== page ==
Pruning Flowering Shrubs

— Written By and last updated by Nancie Mandeville

You may have heard it said that pruning is both an art and a science. The science part relates to making proper pruning cuts so that the plant can properly seal those wounds made when you prune. The art part of pruning comes down to how you want the plant to look – formal as in the case of sheared plants or informal or more natural when you prune the plant so that it maintains the shape it grows to naturally but in a somewhat controlled manner.

I begin to see folks pruning shrubs in their yards and garden in December in my neighborhood. If the plants have gone dormant it is fine to prune them, but often times they may not be completely dormant and winter injury could result in dieback of branches that is not evident until the spring and the plant begins to grow.

When it comes to pruning flower shrubs you should prune based on when the plants’ flower. Plants that flower in spring, form their flower buds at the end of the summer of the previous year. If you prune in winter, you will be removing flower buds and the result will be no flowers in the spring. For spring flowering shrubs, the best time to prune is immediately after they have finished flowering. Some examples of spring flowering shrubs that should be pruned after they flower are forsythia, azalea, loropetalum, camellia, and oakleaf and mophead hydrangea. Prune these before July 4 so that you do not interfere with bud development for next year’s flowers.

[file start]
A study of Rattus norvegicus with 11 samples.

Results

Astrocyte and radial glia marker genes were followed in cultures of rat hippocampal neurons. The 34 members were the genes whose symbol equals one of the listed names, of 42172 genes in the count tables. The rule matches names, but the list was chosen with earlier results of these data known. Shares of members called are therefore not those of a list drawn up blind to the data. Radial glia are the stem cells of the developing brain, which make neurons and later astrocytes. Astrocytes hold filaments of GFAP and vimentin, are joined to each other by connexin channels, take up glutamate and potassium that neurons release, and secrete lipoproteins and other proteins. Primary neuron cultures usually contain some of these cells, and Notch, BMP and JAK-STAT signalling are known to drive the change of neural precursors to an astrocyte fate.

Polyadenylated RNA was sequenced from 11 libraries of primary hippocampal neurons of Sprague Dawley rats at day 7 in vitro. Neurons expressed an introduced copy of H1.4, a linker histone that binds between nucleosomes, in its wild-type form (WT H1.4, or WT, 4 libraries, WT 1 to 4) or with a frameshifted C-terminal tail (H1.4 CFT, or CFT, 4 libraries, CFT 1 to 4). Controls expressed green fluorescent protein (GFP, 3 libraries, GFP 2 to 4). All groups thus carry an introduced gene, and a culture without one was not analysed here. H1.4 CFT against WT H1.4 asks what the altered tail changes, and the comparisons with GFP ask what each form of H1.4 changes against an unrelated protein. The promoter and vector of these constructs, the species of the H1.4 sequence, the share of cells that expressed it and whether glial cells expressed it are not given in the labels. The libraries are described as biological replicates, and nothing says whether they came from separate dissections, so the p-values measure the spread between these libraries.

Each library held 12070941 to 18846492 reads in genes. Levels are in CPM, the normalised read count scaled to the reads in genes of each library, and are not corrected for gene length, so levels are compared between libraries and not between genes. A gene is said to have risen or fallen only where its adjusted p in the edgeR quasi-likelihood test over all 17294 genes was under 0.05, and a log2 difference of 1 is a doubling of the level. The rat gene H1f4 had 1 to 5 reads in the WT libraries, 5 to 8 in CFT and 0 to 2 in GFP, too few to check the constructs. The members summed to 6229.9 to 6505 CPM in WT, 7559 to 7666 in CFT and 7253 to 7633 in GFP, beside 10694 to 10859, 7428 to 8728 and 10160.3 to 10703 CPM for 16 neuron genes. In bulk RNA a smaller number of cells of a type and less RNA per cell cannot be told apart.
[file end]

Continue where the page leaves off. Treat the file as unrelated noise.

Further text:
Summer flowering shrubs form their flower buds on new growth each spring. Late winter to early spring, just before new growth begins is the best time to prune summer-flowering shrubs. Crapemyrtle is an example of a summer flowering shrub that you should prune at this time.

If you have questions on when to prune or how to prune, contact the Extension Master Gardener℠ volunteers of Union County at their Growline at 704-283-3822.